DENVER -- An autistic student at Denver Public Schools said he was left waiting with other students when the bus they were supposed to take to equine therapy never showed up. Travis Howell said he was devastated and the students ended up watching videos of horses instead.
"Since we couldn’t go, we just watched some stuff on horses. That was nice. It would’ve been fun to at least get to go to it," said Howell. "Other students were really bummed out about it."
Contact Denver7 reached out to Denver Public Schools for an explanation but the district has yet to respond.
Howell's mom, Larraine Stacey, said after the first incident with the bus they were still hopeful the program would continue. She said she received a phone call the following week stating the equine therapy program would be canceled due to transportation issues.
"I was crying. It’s hard, because like I said they don’t have, there’s not a lot of things they can do, and this is something that they really look forward to, and it’s something that would benefit them. It’s silly to take it away because of transportation," said Stacey.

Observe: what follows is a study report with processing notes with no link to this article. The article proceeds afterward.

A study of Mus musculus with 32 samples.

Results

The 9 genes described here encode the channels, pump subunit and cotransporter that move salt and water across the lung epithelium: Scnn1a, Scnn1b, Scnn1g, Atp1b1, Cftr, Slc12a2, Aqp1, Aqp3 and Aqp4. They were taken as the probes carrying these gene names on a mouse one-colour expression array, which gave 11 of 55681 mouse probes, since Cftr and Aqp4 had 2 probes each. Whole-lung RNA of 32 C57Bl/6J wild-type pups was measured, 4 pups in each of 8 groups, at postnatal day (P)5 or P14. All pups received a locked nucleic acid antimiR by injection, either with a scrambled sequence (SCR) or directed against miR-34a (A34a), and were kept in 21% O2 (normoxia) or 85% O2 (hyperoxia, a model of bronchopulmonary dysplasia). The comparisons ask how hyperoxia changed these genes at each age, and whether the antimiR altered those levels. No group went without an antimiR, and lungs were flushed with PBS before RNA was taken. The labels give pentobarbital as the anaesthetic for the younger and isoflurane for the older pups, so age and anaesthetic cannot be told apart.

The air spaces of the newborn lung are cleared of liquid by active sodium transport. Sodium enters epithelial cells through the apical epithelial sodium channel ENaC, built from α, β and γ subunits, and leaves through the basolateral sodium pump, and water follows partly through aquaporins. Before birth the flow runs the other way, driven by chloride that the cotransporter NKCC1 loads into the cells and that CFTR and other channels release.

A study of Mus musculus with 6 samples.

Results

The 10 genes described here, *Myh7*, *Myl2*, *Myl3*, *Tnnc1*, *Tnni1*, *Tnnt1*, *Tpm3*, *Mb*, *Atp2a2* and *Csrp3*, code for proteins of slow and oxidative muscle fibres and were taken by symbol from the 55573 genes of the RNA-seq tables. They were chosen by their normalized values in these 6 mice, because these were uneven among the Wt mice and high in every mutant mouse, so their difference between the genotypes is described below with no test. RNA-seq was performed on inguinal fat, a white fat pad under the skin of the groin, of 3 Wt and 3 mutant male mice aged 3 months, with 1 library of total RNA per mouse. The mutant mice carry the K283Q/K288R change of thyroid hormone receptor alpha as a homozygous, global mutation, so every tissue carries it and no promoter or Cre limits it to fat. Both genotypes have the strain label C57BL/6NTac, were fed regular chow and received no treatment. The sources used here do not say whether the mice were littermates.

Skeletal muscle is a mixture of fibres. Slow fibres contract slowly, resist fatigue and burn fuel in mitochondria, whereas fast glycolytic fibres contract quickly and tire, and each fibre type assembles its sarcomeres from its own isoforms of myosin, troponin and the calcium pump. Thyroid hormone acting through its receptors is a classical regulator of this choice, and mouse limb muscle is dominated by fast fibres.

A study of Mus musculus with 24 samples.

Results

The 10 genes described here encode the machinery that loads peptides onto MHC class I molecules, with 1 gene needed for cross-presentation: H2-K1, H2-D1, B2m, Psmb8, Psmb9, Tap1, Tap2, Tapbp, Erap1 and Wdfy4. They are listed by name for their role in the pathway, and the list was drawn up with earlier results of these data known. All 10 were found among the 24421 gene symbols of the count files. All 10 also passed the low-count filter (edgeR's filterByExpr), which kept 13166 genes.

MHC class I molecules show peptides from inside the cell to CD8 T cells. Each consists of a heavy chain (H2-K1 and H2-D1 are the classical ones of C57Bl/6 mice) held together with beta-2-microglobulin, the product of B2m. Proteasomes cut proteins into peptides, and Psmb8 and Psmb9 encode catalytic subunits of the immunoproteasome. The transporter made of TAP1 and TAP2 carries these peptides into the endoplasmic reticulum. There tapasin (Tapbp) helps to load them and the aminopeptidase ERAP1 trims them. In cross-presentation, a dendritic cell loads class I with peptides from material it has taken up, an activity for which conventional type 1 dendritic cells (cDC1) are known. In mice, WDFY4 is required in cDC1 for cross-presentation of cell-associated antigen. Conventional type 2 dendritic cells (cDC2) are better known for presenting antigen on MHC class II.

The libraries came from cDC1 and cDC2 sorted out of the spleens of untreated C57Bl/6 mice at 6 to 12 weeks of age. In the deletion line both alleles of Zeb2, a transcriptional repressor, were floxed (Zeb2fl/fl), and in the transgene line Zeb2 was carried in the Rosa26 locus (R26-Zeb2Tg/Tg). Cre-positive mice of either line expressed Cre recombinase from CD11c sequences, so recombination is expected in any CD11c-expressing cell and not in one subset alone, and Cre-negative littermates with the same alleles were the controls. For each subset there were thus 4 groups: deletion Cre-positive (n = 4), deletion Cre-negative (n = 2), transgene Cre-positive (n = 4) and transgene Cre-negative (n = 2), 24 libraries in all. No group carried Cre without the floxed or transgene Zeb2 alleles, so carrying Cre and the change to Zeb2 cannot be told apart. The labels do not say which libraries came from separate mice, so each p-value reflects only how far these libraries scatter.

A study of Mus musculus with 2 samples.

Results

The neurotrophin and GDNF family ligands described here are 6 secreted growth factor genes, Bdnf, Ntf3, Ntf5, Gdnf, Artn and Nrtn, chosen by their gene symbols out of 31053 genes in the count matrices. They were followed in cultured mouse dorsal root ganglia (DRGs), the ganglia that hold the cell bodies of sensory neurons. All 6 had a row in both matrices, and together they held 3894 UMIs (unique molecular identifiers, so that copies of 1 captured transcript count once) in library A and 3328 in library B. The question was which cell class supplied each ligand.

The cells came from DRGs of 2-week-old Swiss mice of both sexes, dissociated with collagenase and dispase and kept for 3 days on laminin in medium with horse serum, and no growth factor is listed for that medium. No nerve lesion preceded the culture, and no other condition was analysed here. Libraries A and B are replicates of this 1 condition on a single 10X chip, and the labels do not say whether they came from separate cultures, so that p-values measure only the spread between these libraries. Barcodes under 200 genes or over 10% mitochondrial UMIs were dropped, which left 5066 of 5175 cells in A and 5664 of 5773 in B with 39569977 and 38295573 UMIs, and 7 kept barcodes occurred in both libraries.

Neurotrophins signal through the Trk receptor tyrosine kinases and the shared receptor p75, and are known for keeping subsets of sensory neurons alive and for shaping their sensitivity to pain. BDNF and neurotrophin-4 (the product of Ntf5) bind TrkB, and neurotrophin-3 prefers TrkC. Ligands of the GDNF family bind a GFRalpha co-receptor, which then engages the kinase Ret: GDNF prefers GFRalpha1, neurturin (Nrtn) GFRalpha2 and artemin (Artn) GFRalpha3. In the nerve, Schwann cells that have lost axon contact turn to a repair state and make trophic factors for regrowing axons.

An Elizabeth-based nonprofit called the Equine Partnership Program was supposed to work with the DPS students. Founder and program director, Lee Dudley, said six volunteers and two therapists were waiting for the kids to arrive but they never showed up. She said the district also told her the program was canceled because of transportation problems.
"We're heartbroken as well. We were really excited," said Dudley, as she explained she brought in seven new horses for the program.
She said the grant that DPS was using to fund the therapy could've been offered to another school, now she's not sure what to do. If she is unable to find another school to take the spot the grant money will have to be returned and her nonprofit will be negatively impacted.
"I’m hoping that they can find it in their heart to help these guys and provide transportation, and if they can’t, if they could please find someone els,e so that they don’t miss out on this," said Stacey.
Stacey said some of the students are having a difficult time understanding what happened when they were so excited to work with the horses.
"One of the kids that is nonverbal had a little bit of a meltdown and sat down in the middle of the floor and cried. He was really upset. They were all disappointed," said Stacey.